December 23, 2011
USE OF MERCURY AMALGAM
By: Nicole Dube, Associate Analyst
You asked if state law prohibits dentists from using mercury amalgam fillings.
State law does not prohibit the use of mercury amalgam fillings by dentists provided it is used for dental purposes. In 2002, the legislature enacted the “Mercury Education and Reduction Act” (PA 02-90, codified as CGS § 22a-612 et seq.), which among other things, bans the sale of mercury-added products containing more than 100 milligrams or 50 parts per million (ppm) of mercury. Other provisions of the law allow the continued use of elemental mercury (mercury in its pure form), but impose restrictions on its sale and distribution, including to dentists.
A 2005 declaratory ruling by Department of Energy and Environmental Protection (DEEP, formerly the Department of Environmental Protection) commissioner Gina McCarthy found that the ban on the sale of certain mercury-added products does not apply to dental amalgam because it contains elemental mercury, the use of which is allowed under certain conditions. She also found it was not the legislature's intent to ban dental amalgam when enacting the law.
The law allows dentists to use mercury amalgam only for dental purposes and requires dentists to store, use, handle, and dispose of mercury according to state and federal law and DEEP best management practices. As part of its best management practices, DEEP requires all dental offices using mercury amalgam to provide a copy of a DEEP brochure to patients that explains the advantages and disadvantages to human health and the environment of the use of mercury amalgam fillings and alternative filling materials. (A copy of the brochure is attached.)
Mercury comprises between 40% and 50% of the dental amalgam used in silver fillings. It is used to bind together the mixture of silver, tin, copper and other metals that make up the rest of the filling. Some dentists, environmental organizations, other interest groups, and members of the public oppose the use of mercury amalgam because of the potential negative health and environmental affects. According to the U.S. Environmental Protection Agency, high levels of mercury exposure can harm the brain, heart, kidneys, lungs, and immune system.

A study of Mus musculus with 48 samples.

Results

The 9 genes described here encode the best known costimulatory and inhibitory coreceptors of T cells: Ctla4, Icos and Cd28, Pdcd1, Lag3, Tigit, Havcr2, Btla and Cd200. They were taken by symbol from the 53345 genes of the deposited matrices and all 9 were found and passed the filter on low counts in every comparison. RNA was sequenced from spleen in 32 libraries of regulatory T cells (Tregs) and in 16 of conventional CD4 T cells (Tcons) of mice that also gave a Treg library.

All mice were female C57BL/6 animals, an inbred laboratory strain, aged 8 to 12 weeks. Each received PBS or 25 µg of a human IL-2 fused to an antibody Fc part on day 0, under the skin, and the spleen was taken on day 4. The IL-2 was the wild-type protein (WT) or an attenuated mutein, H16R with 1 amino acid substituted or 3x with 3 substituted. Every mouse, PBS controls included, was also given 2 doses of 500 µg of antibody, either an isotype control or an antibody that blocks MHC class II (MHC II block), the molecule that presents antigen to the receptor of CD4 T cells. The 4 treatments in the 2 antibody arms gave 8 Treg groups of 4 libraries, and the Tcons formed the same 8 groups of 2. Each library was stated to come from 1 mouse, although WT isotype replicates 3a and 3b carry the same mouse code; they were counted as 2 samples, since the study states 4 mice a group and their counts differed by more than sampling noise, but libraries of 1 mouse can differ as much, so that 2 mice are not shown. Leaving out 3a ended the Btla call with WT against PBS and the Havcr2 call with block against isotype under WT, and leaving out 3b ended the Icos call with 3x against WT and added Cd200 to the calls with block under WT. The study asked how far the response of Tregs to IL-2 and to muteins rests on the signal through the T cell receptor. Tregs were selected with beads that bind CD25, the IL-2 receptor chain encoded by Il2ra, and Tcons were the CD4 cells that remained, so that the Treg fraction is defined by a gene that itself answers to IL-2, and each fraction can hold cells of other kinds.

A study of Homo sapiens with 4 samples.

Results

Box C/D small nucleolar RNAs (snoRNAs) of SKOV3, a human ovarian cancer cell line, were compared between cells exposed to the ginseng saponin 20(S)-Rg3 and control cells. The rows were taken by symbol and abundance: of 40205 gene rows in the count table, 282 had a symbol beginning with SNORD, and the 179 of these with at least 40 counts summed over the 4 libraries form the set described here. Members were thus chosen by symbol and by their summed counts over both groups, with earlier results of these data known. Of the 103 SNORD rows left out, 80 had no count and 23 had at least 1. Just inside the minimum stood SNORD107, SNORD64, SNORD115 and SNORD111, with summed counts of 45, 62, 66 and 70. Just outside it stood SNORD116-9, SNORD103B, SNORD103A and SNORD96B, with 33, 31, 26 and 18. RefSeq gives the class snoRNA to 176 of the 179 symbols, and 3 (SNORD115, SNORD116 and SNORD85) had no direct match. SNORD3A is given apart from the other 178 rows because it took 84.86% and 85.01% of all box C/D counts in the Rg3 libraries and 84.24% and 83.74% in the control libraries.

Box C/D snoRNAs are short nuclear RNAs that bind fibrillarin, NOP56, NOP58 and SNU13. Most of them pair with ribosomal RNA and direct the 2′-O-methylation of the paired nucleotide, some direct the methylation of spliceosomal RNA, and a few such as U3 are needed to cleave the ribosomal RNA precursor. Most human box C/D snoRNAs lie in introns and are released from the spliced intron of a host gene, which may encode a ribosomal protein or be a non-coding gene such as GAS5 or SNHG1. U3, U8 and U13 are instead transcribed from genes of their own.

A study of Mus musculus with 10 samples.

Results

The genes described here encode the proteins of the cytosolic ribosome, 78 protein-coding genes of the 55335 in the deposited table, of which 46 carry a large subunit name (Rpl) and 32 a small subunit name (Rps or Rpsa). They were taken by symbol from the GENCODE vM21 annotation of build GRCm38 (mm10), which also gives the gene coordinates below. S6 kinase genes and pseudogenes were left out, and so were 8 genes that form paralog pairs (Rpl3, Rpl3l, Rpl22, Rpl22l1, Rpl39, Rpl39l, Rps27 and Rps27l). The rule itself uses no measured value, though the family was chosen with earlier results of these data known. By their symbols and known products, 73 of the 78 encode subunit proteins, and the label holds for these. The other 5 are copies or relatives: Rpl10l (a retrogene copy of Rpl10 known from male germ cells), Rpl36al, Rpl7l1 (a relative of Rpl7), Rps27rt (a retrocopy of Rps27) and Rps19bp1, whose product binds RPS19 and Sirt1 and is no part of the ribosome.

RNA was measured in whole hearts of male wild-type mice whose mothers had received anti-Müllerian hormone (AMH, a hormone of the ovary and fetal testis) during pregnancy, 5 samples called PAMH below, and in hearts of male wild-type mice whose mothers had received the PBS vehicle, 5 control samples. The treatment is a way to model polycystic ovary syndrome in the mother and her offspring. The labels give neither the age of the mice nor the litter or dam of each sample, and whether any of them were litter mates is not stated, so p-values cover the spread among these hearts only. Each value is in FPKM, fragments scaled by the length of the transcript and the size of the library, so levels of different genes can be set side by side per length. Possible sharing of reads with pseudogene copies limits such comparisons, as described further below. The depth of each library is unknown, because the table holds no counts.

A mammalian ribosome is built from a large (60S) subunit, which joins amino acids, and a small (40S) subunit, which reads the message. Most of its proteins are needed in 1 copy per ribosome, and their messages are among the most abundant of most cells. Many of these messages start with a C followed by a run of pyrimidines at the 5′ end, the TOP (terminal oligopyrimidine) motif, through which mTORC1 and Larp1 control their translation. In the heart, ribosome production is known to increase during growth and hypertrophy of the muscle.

MERCURY EDUCATION AND REDUCTION ACT
In 2002, the legislature enacted the “Mercury Education and Reduction Act,” which declares mercury to be a toxic pollutant that accumulates in the environment and calls for the virtual elimination of manmade mercury. The law, among other things, regulates the sale and distribution of mercury and products that contain it. It requires labeling of certain products to which mercury has been added, and prohibits people from selling or distributing mercury-added products unless the manufacturers have provided DEEP with plans for their collection.
The law bans the sale of mercury-added products containing more than 100 milligrams or 50 ppm of mercury. Other provisions of the law allow the continued use of elemental mercury, but impose restrictions on its sale and distribution.
The law allows dentists to use mercury amalgam only for dental purposes and requires dentists to store, use, handle, and dispose of mercury according to state and federal law and DEEP best management practices. The law also prohibits a vocational dental education or training school from using mercury amalgam unless it has developed and implemented a DEEP-approved plan. The plan must include best management practices that (1) prevent improper mercury discharge into
state waters; (2) include pollution abatement plants or sewage systems; (3) establish procedures to properly handle, recycle, or dispose of mercury and amalgam waste; and (4) educate students about mercury hazards and best management practices.
DEEP DECLARATORY RULING
On September 8, 2005, then-DEP commissioner Gina McCarthy issued a declaratory ruling on the use of dental amalgam containing mercury. This was in response to assertions made by public interest groups that the law bans the use of dental amalgams with mercury content exceeding 100 milligrams or 50 ppm.
The commissioner ruled that the law allows dentists to continue using dental amalgam. Among other things, she found that (a) legislators did not intend to ban the use of mercury when they approved the act; (b) the law specifically allows its use in dental schools and by dentists under certain conditions; and (c) it is properly considered elemental mercury rather than a mercury-added product, and therefore its sale or use is not banned by law.
Connecticut Department of Energy and Environmental Protection website, http://www.ct.gov/dep/cwp/view.asp?a=2708&q=323992&depNav_GID=1638, website last visited on December 21, 2011.
Connecticut Department of Energy and Environmental Protection, “The Environmentally Responsible Dental Office: A Guide to Proper Waste Management in Connecticut Dental Offices,” http://www.ct.gov/dep/lib/dep/mercury/gen_info/NWF-CTdentalreport.pdf, website last visited on December 21, 2011.
Connecticut Department of Energy and Environmental Protection, “Fillings: The Choices You Have, Mercury Amalgam, and Other Filling Materials,”http://www.ct.gov/dep/lib/dep/mercury/gen_info/fillings_brochure.pdf, website last visited on December 21, 2011.